Earth Day is April 22, and its usual message—take care of our planet—has been given added urgency by the challenges highlighted in the latest IPCC report. This year, Ars is taking a look at the technologies we normally cover, from cars to chipmaking, and finding out how we can boost their sustainability and minimize their climate impact.
The term “restomod” first started gaining traction back in the 1990s. As muscle car enthusiasts searched for ways to improve the performance and reliability of their vintage machines, a cottage industry of folks adapting late-model powertrain and chassis components soon began to emerge. Today, you’d be hard-pressed to find a restored late-’60s Mustang or Camaro on the road that hasn’t been modified with some kind of modern tech—be it a computer-controlled fuel injection system, an updated brake and suspension system, or even a modern V8 engine.
To some, that might be sacrilege. To others, it’s simply about getting with the times.
Over the past decade or so, a similar trend in restomodding has begun to develop around electric vehicle technology, though the early focus on was less about melting tires and more about pragmatism and engineering curiosity.
“I got involved in restomodding back in 2009, and that was an odd time because it was on the heels of the recession,” said Michael Bream of EV West, an EV conversion shop in San Marcos, California. “I’d read an article about the Roadster that Tesla was developing, and as a computer engineer and hot-rodder, I was kind of enamored with the technology involved. I wanted to see what was possible with electric performance.”
“But while I was doing the research, I found myself getting a bit dissuaded,” Bream told Ars. “I would call up these shops that were working with the tech wanting to talk about horsepower, continuous duty, and stuff like that, but all they wanted to talk about was how much money I was going to save by sticking it to OPEC. At the end of the day, nobody in performance is really worried about gas that’s five or six dollars a gallon.”
With EV development still amounting to a rounding error in most major automakers’ budgets at the time, Bream also faced significant difficulty in finding components in the aftermarket, but he said the situation has changed significantly in the years since.
“Not only as far as what’s available for the drivetrain and batteries, but also a lot of other things that builders in the early days just had to put up with. Back then there weren’t well-developed systems to add power-assisted brakes , for instance,” Bream said. “The solution was to put in a vacuum pump to mimic the way it would work with a combustion engine, and we similarly used belt-driven hydraulic pumps for the steering assistance. But now, because of cars like the Nissan Leaf, Chevrolet Bolt, and the EVs that Tesla is producing, purpose-built solutions [like electrically driven hydraulic pumps] have been developed at the OE [original equipment] level. That has helped to refine the EV experience a lot. It has also brought in higher-quality parts at lower costs, and that in turn has brought more affordability to the EV restomod market.”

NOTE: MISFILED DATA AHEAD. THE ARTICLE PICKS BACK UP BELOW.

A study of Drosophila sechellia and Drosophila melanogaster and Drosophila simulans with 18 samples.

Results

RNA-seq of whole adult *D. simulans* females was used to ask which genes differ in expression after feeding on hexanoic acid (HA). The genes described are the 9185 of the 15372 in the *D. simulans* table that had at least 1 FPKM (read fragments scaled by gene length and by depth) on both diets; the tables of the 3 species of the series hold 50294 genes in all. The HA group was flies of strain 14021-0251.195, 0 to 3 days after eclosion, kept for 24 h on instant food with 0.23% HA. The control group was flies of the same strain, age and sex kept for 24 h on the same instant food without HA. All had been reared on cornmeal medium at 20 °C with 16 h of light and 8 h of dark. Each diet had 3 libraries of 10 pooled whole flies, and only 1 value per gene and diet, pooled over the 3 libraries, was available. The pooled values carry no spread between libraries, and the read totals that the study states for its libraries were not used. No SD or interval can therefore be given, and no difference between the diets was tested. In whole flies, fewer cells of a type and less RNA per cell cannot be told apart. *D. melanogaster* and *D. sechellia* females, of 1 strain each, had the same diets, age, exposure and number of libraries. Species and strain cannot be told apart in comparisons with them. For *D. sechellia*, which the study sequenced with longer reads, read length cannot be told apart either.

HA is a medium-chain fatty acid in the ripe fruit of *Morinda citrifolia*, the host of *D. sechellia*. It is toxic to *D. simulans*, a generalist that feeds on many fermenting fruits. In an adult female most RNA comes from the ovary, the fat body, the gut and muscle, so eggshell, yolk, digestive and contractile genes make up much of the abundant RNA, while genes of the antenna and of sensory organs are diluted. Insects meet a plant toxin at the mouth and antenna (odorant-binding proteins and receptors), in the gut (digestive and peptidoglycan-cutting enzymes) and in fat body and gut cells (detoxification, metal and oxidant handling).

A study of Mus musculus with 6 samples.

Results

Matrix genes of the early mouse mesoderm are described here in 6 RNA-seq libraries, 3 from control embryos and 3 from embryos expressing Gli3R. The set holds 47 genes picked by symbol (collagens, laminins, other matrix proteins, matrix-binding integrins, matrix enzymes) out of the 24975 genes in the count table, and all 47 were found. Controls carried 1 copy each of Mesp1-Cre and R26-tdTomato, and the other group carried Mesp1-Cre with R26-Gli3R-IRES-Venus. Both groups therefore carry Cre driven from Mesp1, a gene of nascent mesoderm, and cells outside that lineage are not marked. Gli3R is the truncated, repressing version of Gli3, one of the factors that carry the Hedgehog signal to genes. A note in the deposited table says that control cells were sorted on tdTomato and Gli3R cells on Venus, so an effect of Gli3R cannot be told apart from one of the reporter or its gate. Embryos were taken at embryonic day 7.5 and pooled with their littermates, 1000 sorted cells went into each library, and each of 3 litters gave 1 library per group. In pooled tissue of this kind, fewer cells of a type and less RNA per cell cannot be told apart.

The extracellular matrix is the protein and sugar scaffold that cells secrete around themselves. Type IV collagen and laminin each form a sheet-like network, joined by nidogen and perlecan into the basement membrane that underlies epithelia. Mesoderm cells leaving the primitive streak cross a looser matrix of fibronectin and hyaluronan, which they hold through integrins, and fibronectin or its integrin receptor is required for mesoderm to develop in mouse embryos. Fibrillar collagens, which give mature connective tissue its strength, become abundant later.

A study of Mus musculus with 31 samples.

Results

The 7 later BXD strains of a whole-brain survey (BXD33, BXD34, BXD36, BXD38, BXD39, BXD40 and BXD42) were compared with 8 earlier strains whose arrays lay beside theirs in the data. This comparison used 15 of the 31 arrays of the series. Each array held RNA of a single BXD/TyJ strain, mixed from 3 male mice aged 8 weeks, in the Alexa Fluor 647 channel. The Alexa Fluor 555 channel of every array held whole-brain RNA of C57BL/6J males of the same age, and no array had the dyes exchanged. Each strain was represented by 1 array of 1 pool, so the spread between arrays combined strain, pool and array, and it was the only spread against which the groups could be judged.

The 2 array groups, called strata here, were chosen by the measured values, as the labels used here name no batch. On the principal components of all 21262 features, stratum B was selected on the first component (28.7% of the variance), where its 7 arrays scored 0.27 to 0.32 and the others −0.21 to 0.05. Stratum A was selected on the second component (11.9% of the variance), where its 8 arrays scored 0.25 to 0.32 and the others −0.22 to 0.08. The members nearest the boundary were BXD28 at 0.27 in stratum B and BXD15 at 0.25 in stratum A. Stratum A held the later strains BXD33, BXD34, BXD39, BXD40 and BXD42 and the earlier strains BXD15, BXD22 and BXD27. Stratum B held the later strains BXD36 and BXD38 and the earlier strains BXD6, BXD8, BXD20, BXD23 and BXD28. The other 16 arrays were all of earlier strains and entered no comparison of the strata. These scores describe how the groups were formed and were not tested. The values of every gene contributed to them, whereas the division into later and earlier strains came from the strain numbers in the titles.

And the OEMs are noticing. At last year’s Specialty Equipment Market Association (SEMA) show—a massive convention for aftermarket performance suppliers that is held annually in Las Vegas—Ford showed off the F-100 Luminator concept, a one-off custom build that utilizes powertrain components from the automaker’s Mustang Mach-E GT production EV in a vintage F-Series pickup. It’s the latest entry in a succession of performance-focused EV builds from the automaker that include the all-electric Mustang Cobra Jet 1400 dragster and the Mach-E 1400 drift car prototypes.
“I think this is just the beginning,” said Mark Wilson, Ford’s vehicle personalization business operations manager. “If you look at the life cycle of ICE [internal combustion engine] products in the long term, there appears to be an end date on the horizon—a point at which they’ll be phased out. And when that happens, it’s only a matter of time before existing ICE products will become obsolete, so to speak.”
“And for products where the engine isn’t really the core focal point of the vehicle, that’s going to take on greater importance, Wilson said.” This 1978 F-100 is a great example of that—the truck itself is cool, but The inline six-cylinder engine that originally powered it is less so. So in a case like this, swapping over the powertrain is potentially less of a detriment to the value, nostalgia, and overall desirability of the vehicle.”
And the Luminator concept isn’t just lip service—the two electric traction motors that drive the F-100’s front and rear wheels (which amount to a total system output of 480 horsepower and 634 lb.-ft. of torque) are now available for purchase by the general public through Ford Performance.